Mr Xavier explained that the Ministry of Youth Development and Sports “sought to prepare the team as adequately as possible, given limited resources so to do.
One major recommendation which was implemented this year was the hosting of one preparatory camp instead of the usual two.
The rationale was that a longer more high performance camp with a smaller more focused group would have been more productive.”
The truth is that in most of the sports involved in the WISG – athletics, boys football, girls netball, boys and girls volleyball – those youngsters have been involved in training under their respective federations for the better part of the year, and have been participating in tournaments either at the national level, regionally or internationally.
Several of the footballers were on Saint Lucia’s team that made the CONCACAF Under-17 Championships in Honduras, for instance.
Mr Xavier said that the management team for Team Saint Lucia complimented Dominica for doing a great job as hosts, but panned the officiating of the various events.
He alluded to the long-standing claim that some of the athletes participating in WISG are not in fact students. “The process of verifying that all participants in these games are duly registered and attending full-time educational institutions must be taken seriously and discussed at the next meeting here to discuss the WISG,” he said.
The veteran sports officer went on to point out that Saint Lucia had the youngest and smallest team of all four islands. Reportedly the average age of Team Saint Lucia was 16.5.
This is due in part to the advent of Universal Secondary Education, meaning that many student athletes will be out of school by the age of 16. But it is also due to the fact that the island’s sole tertiary institution has for years been kept out of school sports.
It is further due to the absence of sixth forms at the island’s secondary schools, further shrinking the pool.
For some reason, Mr Xavier’s opening remarks failed to address the elephants in the room, though. WISG is not properly integrated into the framework of actual sporting development, for one.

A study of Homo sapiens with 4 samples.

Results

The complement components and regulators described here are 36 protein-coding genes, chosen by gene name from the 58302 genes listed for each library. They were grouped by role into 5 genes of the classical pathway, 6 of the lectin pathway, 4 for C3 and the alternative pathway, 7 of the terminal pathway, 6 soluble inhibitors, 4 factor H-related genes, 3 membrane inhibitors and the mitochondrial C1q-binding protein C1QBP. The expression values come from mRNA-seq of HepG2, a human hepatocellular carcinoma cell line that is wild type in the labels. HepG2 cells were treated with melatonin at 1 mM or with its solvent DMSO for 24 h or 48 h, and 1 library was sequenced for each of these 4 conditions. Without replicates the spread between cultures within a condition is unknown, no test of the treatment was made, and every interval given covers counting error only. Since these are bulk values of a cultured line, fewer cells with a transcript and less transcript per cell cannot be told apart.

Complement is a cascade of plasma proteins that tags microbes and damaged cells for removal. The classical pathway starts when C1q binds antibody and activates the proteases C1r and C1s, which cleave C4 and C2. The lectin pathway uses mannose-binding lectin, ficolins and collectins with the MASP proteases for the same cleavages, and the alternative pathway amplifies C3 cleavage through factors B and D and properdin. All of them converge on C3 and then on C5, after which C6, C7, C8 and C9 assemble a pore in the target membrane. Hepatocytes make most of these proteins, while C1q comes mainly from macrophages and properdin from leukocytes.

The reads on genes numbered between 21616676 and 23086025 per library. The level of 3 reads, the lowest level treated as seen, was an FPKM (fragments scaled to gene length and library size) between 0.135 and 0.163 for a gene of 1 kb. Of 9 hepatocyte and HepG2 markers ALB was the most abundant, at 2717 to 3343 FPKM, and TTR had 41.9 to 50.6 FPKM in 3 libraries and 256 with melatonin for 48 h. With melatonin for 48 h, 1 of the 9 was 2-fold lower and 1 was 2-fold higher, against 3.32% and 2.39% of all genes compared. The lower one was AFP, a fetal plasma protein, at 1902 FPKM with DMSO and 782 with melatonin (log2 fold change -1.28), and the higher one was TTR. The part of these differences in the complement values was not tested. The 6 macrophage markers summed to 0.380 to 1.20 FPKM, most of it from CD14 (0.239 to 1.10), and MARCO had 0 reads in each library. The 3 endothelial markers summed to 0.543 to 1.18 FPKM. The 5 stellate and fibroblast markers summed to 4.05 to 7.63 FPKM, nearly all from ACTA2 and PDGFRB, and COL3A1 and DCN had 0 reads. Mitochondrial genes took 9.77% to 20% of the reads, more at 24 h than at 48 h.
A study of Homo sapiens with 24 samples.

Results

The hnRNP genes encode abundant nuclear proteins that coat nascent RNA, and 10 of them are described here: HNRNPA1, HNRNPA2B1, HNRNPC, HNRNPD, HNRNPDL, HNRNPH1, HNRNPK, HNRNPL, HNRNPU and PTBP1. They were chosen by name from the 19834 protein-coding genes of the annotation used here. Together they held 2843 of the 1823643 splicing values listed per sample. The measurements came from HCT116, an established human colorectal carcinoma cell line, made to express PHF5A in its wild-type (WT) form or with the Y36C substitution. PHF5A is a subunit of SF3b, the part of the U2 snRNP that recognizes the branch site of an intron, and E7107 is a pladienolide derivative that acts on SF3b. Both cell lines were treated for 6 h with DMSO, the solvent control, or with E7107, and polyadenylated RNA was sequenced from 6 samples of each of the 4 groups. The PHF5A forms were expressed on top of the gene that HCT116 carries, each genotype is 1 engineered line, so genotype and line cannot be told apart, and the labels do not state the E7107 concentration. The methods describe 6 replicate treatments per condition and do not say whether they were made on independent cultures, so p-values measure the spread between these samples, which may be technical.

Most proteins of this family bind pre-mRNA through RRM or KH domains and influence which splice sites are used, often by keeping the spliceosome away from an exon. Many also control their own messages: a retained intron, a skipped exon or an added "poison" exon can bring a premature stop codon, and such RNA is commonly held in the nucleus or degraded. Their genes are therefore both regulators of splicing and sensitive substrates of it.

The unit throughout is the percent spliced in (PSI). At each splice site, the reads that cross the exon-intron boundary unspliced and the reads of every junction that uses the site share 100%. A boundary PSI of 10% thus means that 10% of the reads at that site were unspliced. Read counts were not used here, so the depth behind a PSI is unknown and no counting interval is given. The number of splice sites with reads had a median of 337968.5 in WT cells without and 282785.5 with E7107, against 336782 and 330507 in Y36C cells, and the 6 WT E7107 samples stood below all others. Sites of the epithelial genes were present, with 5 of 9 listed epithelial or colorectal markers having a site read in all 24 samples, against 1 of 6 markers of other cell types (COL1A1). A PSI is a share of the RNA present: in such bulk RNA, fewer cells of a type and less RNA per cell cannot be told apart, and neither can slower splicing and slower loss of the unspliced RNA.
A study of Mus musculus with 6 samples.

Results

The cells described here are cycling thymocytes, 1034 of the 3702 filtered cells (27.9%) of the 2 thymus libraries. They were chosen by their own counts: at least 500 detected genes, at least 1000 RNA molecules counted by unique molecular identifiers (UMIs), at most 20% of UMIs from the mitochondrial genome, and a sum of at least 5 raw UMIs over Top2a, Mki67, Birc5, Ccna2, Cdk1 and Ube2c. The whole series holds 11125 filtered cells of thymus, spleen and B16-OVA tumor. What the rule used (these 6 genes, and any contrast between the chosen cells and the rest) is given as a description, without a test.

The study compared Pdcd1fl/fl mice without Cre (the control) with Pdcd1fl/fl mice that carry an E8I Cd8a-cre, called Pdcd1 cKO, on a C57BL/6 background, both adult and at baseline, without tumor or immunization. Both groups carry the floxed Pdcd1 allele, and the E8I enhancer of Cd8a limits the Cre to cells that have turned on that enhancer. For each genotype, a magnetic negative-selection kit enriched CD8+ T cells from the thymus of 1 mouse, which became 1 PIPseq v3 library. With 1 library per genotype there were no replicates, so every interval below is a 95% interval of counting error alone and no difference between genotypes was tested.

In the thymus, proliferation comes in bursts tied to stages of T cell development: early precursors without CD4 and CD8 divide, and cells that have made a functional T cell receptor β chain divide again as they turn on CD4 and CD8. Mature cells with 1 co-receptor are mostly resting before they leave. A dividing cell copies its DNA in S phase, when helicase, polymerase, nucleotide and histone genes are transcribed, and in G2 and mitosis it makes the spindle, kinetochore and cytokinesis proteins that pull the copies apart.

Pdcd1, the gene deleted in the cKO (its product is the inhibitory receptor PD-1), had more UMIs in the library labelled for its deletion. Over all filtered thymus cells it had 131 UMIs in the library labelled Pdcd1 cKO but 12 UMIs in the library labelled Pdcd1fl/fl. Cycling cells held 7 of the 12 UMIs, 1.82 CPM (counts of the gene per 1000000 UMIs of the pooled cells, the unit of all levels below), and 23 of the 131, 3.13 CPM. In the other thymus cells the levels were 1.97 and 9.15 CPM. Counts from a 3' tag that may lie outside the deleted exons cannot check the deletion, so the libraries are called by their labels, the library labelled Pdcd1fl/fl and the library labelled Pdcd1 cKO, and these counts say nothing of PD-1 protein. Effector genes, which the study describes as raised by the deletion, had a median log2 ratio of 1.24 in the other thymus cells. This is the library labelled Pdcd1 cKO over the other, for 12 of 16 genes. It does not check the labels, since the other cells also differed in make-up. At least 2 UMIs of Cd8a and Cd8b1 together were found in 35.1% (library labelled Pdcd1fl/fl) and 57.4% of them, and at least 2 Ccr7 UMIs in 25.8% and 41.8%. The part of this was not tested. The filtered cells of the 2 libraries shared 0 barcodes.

Aside from basketball, where the national federation has programmes for neither boys or girls, the preparatory camp is their only preparation as a team. Even then, more often than not, athletic girls are pressed into service in basketball at the eleventh hour, because even the Ministry does not have a proper programme.
Another issue is the disparity in ages between the various teams. Let’s put it bluntly: WISG is antiquated. Why would a competition have rules that put the respective teams on an uneven footing? Saint Lucia has the biggest population in the Windward Islands, but it is highly unlikely that the island has the most school students aged 18 and 19. WISG minus the ‘school’ part would give you a wider talent pool, greater confluence with the national federations, and fewer hassles in terms of verification.
But Mr Xavier went on to assert that Saint Lucia was considered the best behaved team at the tournament, although he continued by essentially saying that the athletes underperformed: “Despite their challenges, the management felt that the Saint Lucia team could have done better than a fourth place finish. Some team members could have been more focused and hungry for success.”
The Director provided what he described as an inexhaustive list of possible measures to help reverse Saint Lucia’s recent fortunes at WISG. These included:
– Strengthening the primary school physical education programme
– Earlier commencement of training for the WISG
– Allocation of more resources for the WISG team preparation
– Mental toughness training to be included in the coaching regimen
– Ensure the best coaches are selected to work with the team
– Enrol individual teams in national leagues to enhance their fitness and competitiveness
– Increase the participation of students in sports, as school enrolment has been decreasing over the last few years
– Increase private sector involvement and sponsorship and partnership in school sports
– Increase parental involvement in the sporting life of their children
– Strengthening the club structure at the community level
– The media playing a critical role of developmental and being diversified in their offering… take on a more promotion and developmental role
– Greater commitment and passion to win on the part of our athletes
– Greater commitment and passion on the part of physical education teachers, principals and education officers
– Greater commitment and passion on the part of the national sporting associations
The Director correctly noted that there is “a role for everyone” and that the development of sports in Saint Lucia is not just the purview of the Ministry of Youth Development and Sports.
But the fact is that it remains unclear what role the Windward Islands School Games are meant to play in the development of local sport. And it does appear clear that the Ministry is unprepared to shake up the status quo.